HOUSTON – The forensic psychiatrist whose testimony about a TV show episode led to Andrea Yates' 2002 murder conviction being overturned took the witness stand Thursday in her retrial for the bathtub drowning of her children.
Dr. Park Dietz, who evaluated Yates in November 2001, began by recounting his professional experience.
In the first trial, he told jurors Yates knew drowning her five children was wrong. But Dietz, who had been a consultant for the "Law & Order" television series, also testified that one episode showed a woman being acquitted by reason of insanity after drowning her children in a bathtub. No such episode existed, and Yates' conviction as overturned because of the erroneous testimony.
Yates has again pleaded innocent by reason of insanity.
Her attorneys say she suffered from severe postpartum psychosis and did not know her actions were wrong. Prosecutors argue that Yates did know drowning the children was wrong and therefore didn't meet the state definition of insane.
Yates killed her oldest son, 7-year-old Noah, last because she knew he would struggle the most and might have alerted the others to escape, Dr. Harry Lee Wilson testified Wednesday.
She held 3-year-old Paul, 2-year-old Luke and 5-year-old John under water, then carried their limp bodies to a bed. She also drowned 6-month-old Mary before drowning Noah, taking the baby's body to the bed but leaving him floating in the tub.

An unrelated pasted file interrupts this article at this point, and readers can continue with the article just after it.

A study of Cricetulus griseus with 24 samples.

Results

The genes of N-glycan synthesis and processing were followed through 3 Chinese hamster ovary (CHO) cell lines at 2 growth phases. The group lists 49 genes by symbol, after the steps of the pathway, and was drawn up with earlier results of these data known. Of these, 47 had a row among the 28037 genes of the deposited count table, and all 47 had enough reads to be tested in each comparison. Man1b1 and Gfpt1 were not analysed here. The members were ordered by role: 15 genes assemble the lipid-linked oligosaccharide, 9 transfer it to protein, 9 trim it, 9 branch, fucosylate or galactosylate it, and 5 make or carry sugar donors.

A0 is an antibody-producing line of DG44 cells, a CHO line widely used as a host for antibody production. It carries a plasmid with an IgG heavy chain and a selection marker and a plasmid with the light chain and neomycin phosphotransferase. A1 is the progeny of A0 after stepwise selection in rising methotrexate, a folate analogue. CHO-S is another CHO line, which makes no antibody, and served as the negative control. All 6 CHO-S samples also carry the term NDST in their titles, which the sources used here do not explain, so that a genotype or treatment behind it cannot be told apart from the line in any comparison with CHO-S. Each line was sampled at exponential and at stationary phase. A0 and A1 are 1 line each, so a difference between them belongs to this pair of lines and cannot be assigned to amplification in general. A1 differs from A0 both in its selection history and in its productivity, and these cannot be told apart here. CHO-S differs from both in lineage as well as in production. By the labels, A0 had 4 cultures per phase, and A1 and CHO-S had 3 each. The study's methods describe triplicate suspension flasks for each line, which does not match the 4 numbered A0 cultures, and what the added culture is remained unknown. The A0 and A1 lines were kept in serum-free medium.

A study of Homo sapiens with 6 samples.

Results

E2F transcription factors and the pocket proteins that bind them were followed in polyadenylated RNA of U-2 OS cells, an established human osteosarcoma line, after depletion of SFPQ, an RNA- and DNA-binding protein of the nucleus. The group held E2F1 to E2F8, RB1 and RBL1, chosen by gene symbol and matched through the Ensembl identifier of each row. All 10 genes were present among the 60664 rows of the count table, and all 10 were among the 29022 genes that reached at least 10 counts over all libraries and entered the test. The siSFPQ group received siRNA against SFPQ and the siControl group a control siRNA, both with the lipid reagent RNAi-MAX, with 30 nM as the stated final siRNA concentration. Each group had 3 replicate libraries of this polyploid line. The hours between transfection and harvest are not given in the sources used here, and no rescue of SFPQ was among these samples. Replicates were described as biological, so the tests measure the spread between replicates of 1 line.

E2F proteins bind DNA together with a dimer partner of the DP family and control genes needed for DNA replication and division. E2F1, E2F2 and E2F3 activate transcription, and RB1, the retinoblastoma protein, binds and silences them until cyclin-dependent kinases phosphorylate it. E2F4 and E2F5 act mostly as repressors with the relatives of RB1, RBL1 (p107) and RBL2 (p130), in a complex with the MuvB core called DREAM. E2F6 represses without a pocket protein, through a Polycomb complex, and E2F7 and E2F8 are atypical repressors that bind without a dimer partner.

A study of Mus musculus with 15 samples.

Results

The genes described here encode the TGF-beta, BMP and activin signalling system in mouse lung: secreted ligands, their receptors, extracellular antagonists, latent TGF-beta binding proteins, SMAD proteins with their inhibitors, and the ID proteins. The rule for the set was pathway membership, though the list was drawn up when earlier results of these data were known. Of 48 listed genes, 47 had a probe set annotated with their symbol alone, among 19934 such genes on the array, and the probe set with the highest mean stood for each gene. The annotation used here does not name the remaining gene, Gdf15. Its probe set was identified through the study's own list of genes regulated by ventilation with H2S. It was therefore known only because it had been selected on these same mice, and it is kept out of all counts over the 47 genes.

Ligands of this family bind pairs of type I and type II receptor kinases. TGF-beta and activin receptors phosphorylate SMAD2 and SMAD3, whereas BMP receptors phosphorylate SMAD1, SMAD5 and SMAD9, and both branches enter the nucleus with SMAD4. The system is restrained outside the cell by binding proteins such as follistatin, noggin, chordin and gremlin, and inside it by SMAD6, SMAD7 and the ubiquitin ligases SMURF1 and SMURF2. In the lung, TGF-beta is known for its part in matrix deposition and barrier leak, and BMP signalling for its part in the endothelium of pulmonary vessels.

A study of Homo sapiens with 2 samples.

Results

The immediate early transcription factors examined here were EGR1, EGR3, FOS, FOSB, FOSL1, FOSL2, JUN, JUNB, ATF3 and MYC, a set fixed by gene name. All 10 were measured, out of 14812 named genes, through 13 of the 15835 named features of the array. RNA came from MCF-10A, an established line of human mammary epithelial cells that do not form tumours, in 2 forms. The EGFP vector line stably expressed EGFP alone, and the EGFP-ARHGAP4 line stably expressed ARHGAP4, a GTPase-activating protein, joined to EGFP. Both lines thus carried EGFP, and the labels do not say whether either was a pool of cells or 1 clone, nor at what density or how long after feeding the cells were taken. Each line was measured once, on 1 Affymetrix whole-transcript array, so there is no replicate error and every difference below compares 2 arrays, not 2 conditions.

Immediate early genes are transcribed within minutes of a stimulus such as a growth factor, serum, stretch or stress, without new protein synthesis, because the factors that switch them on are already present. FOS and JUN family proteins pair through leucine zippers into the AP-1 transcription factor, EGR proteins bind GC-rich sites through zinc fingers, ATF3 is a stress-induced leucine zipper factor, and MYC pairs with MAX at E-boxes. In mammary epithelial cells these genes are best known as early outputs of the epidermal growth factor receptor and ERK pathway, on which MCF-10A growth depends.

Yates used "a sequential approach, doing one after another, privately, secretively," said Wilson, a pediatric pathologist who reviewed the autopsy and crime scene photos and Yates' police confession. "The behavior was organized and methodical."
Wilson also testified Wednesday that Yates held the children under water for about three minutes before they became unresponsive, but the four youngest were still alive when she placed them on the bed. He said they lived for another three to six minutes.
At least 20 bruises on their arms, legs and heads shows they struggled as she held them under, he said, especially Noah, whose death was prolonged because he also raised up and gasped for air a few times, according to the evidence.
"Noah's body speaks to us of the struggle not to die," Wilson said.